Slow growth is often blamed for the dearth of good paying jobs and the administration’s inability to stem the decline in average family incomes.
[Peter Morici| January, 26 2016 | The Hill]
The six-year expansion has averaged 2.2 percent annual economic growth and added 188,000 jobs per month. Coming off a similar bout with double-digit unemployment, the Reagan recovery accomplished about 4.6 percent annual growth and adjusting for the size of the economy, added almost twice as many jobs.
Now conditions in China are threatening to deflate or even derail the U.S. recovery. Its growth has slowed from double digits to less than 7 percent—at least as reported by Beijing’s number crunchers. Western economists peg growth at closer to 4 percent, and much of that is decadent and sterile.
Spending to build apartment and office buildings that fail to attract a single tenant and even entire ghost cities complete with utilities counts in China’s formal GDP tally but adds nothing to its productivity. Such wasteful outlays have helped rocket China’s combined public-private debt to 260 percent of GDP.
Nervous about a looming credit crisis, China’s private investors are heading for the doors—selling yuan for dollars to invest in foreign real estate and securities. That exodus is panicking global stock markets, pushing down the yuan against the dollar and making Chinese goods artificially more price competitive against American-made products than underlying differences in national costs warrant.
For all the talk of a faltering industrial dragon, U.S. imports from China were up, exports down and the bilateral trade deficit increased nearly $25 billion in 2015—killing at least another 200,000 American jobs.
Crippling debt is epidemic among emerging economies, as many borrowed in a mad race to expand manufacturing. Like Japan and the European Union, they now seek to cope with excess capacity and crushing interest payments by cheapening their currencies to boost exports and send their unemployment to the United States.
All of this makes foreign goods cheaper at Wall-Mart and U.S. exports too expensive, slows growth and adds to deflation that has the Federal Reserve flummoxed.
Those beggar-thy-neighbor strategies have pushed U.S. manufacturing into recession—employment in export-focused durable goods manufacturing is down 35,000 since June.
Trade should work better for America. After all we have a highly productive workforce and still generate most of the world’s cutting edge innovations, but commerce does not happen in a vacuum. Governments put up tariffs and impose administrative burdens on foreign goods and investment, and offer local businesses subsidies to boost exports.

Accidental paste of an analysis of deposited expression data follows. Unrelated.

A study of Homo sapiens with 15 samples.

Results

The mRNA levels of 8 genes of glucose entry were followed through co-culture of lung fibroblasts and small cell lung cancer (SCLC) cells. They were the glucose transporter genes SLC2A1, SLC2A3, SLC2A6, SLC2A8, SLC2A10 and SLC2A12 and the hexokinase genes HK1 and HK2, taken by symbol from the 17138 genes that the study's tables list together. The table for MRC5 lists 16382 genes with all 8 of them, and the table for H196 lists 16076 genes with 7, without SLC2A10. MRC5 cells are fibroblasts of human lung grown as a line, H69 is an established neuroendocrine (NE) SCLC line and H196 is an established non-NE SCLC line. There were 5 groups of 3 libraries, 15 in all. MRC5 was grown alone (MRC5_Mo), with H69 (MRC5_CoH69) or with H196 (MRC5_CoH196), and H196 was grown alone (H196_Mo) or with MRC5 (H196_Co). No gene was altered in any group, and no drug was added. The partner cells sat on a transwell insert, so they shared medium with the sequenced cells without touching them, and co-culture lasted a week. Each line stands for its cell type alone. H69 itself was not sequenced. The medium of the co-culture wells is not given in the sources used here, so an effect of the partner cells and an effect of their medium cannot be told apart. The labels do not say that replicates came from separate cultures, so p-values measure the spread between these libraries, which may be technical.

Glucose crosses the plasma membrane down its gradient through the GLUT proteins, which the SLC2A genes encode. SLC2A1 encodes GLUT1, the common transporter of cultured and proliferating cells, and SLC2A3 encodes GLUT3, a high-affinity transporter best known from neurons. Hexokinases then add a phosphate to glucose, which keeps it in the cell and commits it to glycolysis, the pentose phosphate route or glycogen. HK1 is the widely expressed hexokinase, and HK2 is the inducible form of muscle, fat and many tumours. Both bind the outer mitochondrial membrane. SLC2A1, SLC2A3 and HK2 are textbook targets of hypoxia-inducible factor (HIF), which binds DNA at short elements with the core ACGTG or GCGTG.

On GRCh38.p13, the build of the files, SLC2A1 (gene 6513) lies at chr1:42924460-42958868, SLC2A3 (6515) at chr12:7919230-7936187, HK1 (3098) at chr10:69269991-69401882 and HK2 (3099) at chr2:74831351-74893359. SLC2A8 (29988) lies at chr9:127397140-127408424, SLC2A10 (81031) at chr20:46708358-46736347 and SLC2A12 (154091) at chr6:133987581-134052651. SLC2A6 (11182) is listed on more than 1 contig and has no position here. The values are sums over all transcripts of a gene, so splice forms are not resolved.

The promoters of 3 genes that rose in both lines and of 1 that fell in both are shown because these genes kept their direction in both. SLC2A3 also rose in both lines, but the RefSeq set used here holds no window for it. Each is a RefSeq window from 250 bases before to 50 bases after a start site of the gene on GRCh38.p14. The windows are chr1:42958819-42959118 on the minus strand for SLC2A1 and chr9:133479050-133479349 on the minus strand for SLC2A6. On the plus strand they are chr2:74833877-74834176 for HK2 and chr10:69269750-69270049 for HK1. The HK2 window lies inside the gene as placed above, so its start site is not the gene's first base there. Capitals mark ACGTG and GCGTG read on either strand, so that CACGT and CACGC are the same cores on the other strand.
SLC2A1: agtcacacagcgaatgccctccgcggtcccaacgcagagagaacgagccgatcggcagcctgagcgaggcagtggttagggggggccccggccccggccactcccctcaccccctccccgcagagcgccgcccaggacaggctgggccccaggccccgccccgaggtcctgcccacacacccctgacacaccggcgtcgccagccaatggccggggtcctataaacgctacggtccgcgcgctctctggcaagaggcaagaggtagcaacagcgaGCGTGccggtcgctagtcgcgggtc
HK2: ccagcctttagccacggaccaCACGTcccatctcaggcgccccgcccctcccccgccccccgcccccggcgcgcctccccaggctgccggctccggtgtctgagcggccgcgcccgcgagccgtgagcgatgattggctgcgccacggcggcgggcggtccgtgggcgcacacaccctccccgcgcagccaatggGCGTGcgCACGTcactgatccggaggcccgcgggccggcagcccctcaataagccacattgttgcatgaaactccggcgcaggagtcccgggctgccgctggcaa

That’s why, for example, American automobile and electronics manufacturers locate in China and form joint ventures with state-owned-enterprises for the privilege of selling there. The same goes in many other Asia venues.
How tough those conditions are for U.S.-based industry is strongly influenced by international trade agreements—for example, those administered by the World Trade Organization and bilateral deals struck with individual governments.
The Obama administration heralded the U.S.-Korea Free Trade agreement for creating“countless new opportunities for U.S. exporters to sell more Made-in-America goods, services and agricultural products to Korean customers – and to support more good jobs here at home.” Since implemented in 2012, imports from Korea have risen much more than exports, and the bilateral trade deficit is up about $16 billion—destroying another 130,000 good-paying American jobs.
Now the Obama administration is making similarly fanciful claims to win congressional approval for a Trans-Pacific Partnership . It would establish free trade with 11 other nations, including Japan, without cleaning up subsidies and currency manipulation.
Overall, the U.S. trade deficit exceeds $500 billion a year and costs Americans about 4 million jobs. Resulting lost manufacturing activity takes a large bite out of U.S. investments in R&D and goes a long way toward explaining why growth has been so disappointing and median family incomes are down $4000 since 2000.
Morici is an economist and business professor at the University of Maryland, and a national columnist.